Campainger for women's rights
Louisa Stevenson (15 July 1835–1908) was a Scottish campaigner for women's university education, women's suffrage and effective, well-organised nursing.
Stevenson was born at Glasgow, the daughter of James Stevenson (1786–1866), a merchant of Glasgow and his wife Jane Stewart Shannan, daughter of Alexander Shannan, a merchant of Greenock. Louisa was one of a large family including her fellow-campaigner and sister Flora, the architect John James Stevenson, and MP James Cochran Stevenson. The family moved to Jarrow in 1844 when James Stevenson became partner in a chemical works. After he retired in 1854 the family moved to Edinburgh shortly before Mrs Stevenson died, and in 1859 they settled in a house in Randolph Crescent where Louisa, Flora, Elisa Stevenson (1829–1904), an early suffragist, and Jane Stevenson (1828–1904) spent the rest of their lives. Jane was a strong influence within the family but did not join in her sisters' activities beyond the home. After their father died leaving them comfortably off they were able to contribute financially to various causes.
Louisa Stevenson was a member of the Edinburgh Ladies' Educational Association (which later became the Edinburgh Association for the University Education of Women or EAUEW) and in 1868 she and Flora attended the first course of lectures for women given by Professor David Masson. This was the time when Sophia Jex-Blake was starting her campaign to open up medical education to women and Stevenson was honorary treasurer of a committee formed to support Jex-Blake and help with her legal costs. Stevenson's role in the EAUEW led to her giving evidence to a Commission on University Education, so contributing to the Universities (Scotland) Act 1889 which meant that Scottish universities were open to women students from 1892. This led to fund-raising for a women's hall of residence at Edinburgh University, the Masson Hall, which opened in 1897 with Louisa Stevenson as honorary secretary.
She also contributed to education by co-founding the Edinburgh School of Cookery with Christian Edington Guthrie Wright (1844–1907) and encouraging the establishment of similar schools in other towns. The Edinburgh School was a forerunner of Queen Margaret University.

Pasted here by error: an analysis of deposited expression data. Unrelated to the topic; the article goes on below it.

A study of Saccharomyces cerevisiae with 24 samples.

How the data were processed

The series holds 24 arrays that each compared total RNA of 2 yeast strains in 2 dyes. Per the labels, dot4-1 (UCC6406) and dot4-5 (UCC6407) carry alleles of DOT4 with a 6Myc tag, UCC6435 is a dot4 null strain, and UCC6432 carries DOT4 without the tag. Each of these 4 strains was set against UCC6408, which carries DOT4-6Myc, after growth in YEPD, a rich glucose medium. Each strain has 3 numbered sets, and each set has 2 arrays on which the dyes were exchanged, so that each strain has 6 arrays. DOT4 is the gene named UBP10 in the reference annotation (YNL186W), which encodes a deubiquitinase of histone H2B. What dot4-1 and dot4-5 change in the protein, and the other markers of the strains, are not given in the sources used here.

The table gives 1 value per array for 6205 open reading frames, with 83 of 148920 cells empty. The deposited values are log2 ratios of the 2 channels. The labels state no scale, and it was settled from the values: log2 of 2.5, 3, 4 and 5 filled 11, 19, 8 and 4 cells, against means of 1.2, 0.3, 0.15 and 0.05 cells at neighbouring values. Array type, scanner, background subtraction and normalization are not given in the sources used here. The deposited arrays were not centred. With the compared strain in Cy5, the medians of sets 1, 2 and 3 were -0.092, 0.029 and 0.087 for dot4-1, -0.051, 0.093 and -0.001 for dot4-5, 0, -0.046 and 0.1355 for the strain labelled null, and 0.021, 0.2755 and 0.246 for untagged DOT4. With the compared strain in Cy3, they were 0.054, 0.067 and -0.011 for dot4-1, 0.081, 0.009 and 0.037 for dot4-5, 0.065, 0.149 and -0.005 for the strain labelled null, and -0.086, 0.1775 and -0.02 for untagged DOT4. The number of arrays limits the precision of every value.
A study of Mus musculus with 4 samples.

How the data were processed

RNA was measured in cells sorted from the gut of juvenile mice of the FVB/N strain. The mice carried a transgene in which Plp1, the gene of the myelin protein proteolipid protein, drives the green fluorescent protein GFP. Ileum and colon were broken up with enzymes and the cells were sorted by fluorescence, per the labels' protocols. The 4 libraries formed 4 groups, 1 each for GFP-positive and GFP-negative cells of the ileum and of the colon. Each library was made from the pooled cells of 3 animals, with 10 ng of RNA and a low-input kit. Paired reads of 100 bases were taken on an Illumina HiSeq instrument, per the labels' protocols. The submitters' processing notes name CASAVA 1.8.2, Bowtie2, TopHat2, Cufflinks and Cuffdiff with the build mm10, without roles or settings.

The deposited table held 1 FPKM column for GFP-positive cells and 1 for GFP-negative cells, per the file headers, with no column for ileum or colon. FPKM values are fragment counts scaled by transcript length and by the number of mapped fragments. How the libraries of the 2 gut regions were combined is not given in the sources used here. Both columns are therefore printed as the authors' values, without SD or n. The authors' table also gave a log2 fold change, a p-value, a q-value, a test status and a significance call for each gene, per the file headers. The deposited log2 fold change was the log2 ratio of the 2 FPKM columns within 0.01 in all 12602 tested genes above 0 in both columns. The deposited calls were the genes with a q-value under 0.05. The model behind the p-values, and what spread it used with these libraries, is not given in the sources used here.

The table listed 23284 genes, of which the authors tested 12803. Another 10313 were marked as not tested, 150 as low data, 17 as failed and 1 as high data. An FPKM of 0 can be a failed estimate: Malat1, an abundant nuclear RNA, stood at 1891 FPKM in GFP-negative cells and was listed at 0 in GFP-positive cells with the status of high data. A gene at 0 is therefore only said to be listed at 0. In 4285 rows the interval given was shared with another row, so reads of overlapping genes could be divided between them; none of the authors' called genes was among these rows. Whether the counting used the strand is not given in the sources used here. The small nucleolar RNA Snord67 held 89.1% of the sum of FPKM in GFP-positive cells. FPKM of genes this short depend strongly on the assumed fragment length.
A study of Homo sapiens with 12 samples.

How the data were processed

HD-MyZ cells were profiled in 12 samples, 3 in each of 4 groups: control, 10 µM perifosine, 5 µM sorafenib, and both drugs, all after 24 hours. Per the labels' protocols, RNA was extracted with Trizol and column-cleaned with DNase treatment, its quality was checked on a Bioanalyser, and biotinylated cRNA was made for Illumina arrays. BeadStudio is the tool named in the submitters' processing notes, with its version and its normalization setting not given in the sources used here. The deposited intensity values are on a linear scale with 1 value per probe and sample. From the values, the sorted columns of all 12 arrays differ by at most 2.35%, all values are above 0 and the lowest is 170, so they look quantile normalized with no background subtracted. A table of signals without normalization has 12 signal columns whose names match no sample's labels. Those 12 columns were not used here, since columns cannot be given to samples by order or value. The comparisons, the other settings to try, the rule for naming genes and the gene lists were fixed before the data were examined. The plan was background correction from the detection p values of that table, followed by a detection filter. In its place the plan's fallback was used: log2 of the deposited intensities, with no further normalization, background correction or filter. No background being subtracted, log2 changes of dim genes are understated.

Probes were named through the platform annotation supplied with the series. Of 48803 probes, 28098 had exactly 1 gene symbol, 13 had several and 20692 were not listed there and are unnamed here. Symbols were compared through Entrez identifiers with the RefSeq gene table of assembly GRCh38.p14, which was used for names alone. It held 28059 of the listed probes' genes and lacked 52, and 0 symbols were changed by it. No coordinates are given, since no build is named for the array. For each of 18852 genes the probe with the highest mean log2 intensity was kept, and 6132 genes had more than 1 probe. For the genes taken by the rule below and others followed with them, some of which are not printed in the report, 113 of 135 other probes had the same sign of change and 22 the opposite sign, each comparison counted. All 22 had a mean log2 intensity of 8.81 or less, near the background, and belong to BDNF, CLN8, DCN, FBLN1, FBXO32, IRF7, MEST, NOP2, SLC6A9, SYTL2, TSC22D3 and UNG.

Stevenson took a particular interest in the standard of nursing at the poorhouse in her position as the first female poor law guardian in the city. She helped manage the Jubilee Nurses Institute (for District Nurses) and the Colonial Nursing Organisation (nurses needed in various parts of the British Empire), and was also President of the Society for the State Registration of Trained Nurses.
While her sister Flora was one of the first women ever to serve on a school board, Louisa was one of the first women elected to a hospital board, and her work was so valuable that she changed the attitude of one male board member who had at first been opposed to the idea of a woman helping to run the Edinburgh Royal Infirmary. She believed that women's qualifications for helping with hospital management were equal to men's though each sex might bring somewhat different experience to the task.
All her life, Louisa Stevenson supported the cause of women's suffrage and she was an executive committee member of the National Union of Women's Suffrage Societies in the 1890s. In the last years of her life she met Prime Minister Henry Campbell-Bannerman as part of a deputation of women's suffragists, and in that same year, 1906, she received an honorary degree of LLD from Edinburgh University. She died on 13 May 1908, at home in Edinburgh.
The British Journal of Nursing attributed her success in everything she did to her "genial courtesy", "indomitable perseverance" and a "thorough grasp of the subject in hand".